The title of David Wiltse's 2003 play, The Good German, points in two directions at once: there's the image of the individual who stands up to the injustice being perpetrated by his or her government, and there's the image of the individual who follows the flag, however reluctantly, wherever it may lead. Of the play's four characters, only one looks even remotely like a saint, and she's killed early on. The other three, all of them men, have to negotiate a more twisted path between these two poles.
Wiltse's supple and engrossing drama, now making a stellar West Coast debut at the Marin Theatre Company (and which, incidentally, has no relation to the recent Steven Soderbergh film), takes place entirely in the middle-class home of a middle-aged couple. The flawed but sympathetic Dr. Karl Vogel (Warren David Keith) is a professor of chemistry, and his wife, Gretel (Anne Darragh), is a nurse. Gretel has brought home Herr Braun (Brian Herndon), a German Jew who recently lost his wife and his child when his home was deliberately set ablaze with the intention of sequestering him. Karl is reluctant, being timid and aloof by nature and harboring an all too typical strain of anti-Semitism, which makes him "philosophically" antagonistic to the desperate man at his doorstep.
Karl nonetheless can refuse his beloved wife nothing and allows Braun to stay as a servant even after learning about his Jewish identity. Karl's good friend Siemi (Darren Bridgett), meanwhile, initially appears only too willing to help a stranger in distress. As a member of the Nazi bureaucracy, though, he slowly gives himself over to the organized mass cultivation of hatred sweeping through the country at large. In the end, the bourgeois domesticity all three men cling to even more so after Gretel's death is no guard against the spiraling madness of the outside world: sooner or later they have to face a life-and-death decision about who they are and what they stand for. Or rather, what they will and won't stand for.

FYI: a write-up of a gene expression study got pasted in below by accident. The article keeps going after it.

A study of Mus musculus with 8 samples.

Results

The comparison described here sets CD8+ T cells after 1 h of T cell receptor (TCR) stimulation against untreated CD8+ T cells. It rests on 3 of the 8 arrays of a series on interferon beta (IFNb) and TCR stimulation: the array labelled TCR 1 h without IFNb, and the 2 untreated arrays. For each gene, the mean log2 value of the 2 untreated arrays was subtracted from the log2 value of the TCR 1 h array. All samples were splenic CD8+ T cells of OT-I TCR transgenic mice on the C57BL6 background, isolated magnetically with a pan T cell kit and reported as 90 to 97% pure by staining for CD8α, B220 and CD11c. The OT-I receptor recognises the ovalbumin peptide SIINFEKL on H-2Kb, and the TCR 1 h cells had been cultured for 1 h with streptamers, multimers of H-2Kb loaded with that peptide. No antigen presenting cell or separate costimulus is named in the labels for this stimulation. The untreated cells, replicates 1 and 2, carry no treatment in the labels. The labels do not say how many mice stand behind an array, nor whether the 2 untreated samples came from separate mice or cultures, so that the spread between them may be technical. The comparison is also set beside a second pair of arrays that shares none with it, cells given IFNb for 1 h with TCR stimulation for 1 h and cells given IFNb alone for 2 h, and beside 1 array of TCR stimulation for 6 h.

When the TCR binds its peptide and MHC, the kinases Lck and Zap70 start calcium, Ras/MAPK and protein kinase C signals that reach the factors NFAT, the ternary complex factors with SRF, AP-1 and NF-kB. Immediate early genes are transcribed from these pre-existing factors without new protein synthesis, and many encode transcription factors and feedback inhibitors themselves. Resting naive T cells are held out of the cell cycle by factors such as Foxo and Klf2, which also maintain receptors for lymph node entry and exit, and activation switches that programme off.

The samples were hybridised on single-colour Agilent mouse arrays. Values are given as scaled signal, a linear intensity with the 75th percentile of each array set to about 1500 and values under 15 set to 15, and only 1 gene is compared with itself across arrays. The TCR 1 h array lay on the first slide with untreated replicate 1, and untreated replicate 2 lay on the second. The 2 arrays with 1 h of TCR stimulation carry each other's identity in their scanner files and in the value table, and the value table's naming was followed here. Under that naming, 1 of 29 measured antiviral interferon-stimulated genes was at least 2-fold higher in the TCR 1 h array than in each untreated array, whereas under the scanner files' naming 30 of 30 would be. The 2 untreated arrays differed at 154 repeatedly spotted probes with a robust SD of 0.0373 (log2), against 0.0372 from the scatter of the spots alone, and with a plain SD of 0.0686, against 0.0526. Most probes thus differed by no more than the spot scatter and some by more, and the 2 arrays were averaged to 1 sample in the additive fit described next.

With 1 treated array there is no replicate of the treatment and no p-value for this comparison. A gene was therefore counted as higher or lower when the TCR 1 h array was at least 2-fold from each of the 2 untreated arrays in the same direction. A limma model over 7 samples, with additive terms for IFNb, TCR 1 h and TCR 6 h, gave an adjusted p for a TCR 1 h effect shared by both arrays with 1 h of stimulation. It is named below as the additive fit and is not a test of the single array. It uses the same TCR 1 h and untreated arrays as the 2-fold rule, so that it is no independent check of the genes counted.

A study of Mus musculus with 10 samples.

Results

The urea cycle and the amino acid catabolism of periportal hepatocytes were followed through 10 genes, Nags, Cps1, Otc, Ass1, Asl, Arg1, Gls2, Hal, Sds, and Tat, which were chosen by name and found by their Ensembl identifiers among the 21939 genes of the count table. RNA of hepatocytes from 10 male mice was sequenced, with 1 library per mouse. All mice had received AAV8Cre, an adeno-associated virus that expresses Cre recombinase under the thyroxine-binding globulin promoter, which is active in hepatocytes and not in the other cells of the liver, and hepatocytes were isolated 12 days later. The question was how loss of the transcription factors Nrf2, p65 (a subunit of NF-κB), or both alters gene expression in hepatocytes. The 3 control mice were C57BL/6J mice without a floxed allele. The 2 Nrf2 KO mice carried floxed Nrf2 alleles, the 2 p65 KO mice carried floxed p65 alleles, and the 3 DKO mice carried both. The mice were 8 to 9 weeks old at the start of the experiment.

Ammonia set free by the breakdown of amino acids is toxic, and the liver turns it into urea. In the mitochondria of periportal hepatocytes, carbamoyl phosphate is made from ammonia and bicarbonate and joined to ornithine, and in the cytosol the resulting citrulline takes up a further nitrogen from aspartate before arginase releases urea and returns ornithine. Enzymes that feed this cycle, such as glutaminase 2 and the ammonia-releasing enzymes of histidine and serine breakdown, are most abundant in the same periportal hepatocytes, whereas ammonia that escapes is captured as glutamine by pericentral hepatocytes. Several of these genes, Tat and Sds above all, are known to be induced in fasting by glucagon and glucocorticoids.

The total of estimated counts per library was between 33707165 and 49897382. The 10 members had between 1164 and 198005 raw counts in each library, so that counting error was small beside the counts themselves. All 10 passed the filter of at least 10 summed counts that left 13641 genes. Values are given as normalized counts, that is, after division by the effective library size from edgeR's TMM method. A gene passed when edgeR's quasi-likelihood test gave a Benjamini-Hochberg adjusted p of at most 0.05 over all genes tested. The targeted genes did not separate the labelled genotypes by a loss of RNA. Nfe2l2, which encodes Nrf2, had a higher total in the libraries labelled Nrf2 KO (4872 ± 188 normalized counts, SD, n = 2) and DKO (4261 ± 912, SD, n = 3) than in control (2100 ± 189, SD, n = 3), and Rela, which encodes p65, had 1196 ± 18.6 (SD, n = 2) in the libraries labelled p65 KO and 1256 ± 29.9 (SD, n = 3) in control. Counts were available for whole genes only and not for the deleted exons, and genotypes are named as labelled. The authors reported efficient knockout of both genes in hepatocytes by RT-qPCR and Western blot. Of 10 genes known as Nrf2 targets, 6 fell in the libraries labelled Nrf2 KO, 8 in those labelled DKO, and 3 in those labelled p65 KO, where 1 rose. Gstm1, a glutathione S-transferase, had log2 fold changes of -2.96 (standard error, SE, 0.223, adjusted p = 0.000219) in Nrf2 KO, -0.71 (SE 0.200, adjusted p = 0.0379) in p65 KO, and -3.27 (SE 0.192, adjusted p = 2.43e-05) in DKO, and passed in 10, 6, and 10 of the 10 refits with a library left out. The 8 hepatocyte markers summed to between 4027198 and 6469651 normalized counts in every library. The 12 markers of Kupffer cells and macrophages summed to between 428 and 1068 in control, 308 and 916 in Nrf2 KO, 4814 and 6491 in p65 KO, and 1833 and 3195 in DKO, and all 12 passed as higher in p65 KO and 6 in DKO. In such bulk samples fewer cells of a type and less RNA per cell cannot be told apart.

That choice their dilemma is very clearly our own. Wiltse's play deliberately sets itself in Adolf Hitler's Germany in order to address George W. Bush's America. Although this is not the first time the Nazis have served onstage as a mirror to America's totalitarian tendencies (John O'Keefe's brilliant 2002 drama, Times Like These, and Tony Kushner's A Bright Room Called Day are just two examples), The Good German proves exceptionally vital. Confidently helmed by director Kent Nicholson and featuring riveting performances, it's a provocative mediation on questions confronting average that is to say, flawed individuals in extraordinary times.
There is no escape into domesticity for Franz Woyzeck either. Georg Büchner's classic antihero, a lowly 30-year-old soldier beset by the complementary machinery of the military and medical science, finds only mockery and infidelity in the home and hearth he shares with his mistress, Marie, a former prostitute, and their illegitimate child. In his fevered brain a rebellion of sorts, prompted by a blood-red moon, is on slow boil. It's a tragedy of minor and quintessentially modern proportions that is so apt, so portentous, that it has inspired countless productions and adaptations since its unearthing in the late 19th century (including Alban Berg's opera and at least a couple brilliant films) and still amazes one to think it was penned (and left unfinished) in 1836 by a brilliant young chemist and revolutionary carried off by typhus at age 23.
But despite its popularity, Woyzeck is not an easy play to get right. Cutting Ball's current stab impressively conveys the work's jagged protoexpressionist spirit. Artistic director Rob Melrose's able new translation also serves the play's coruscating imagery.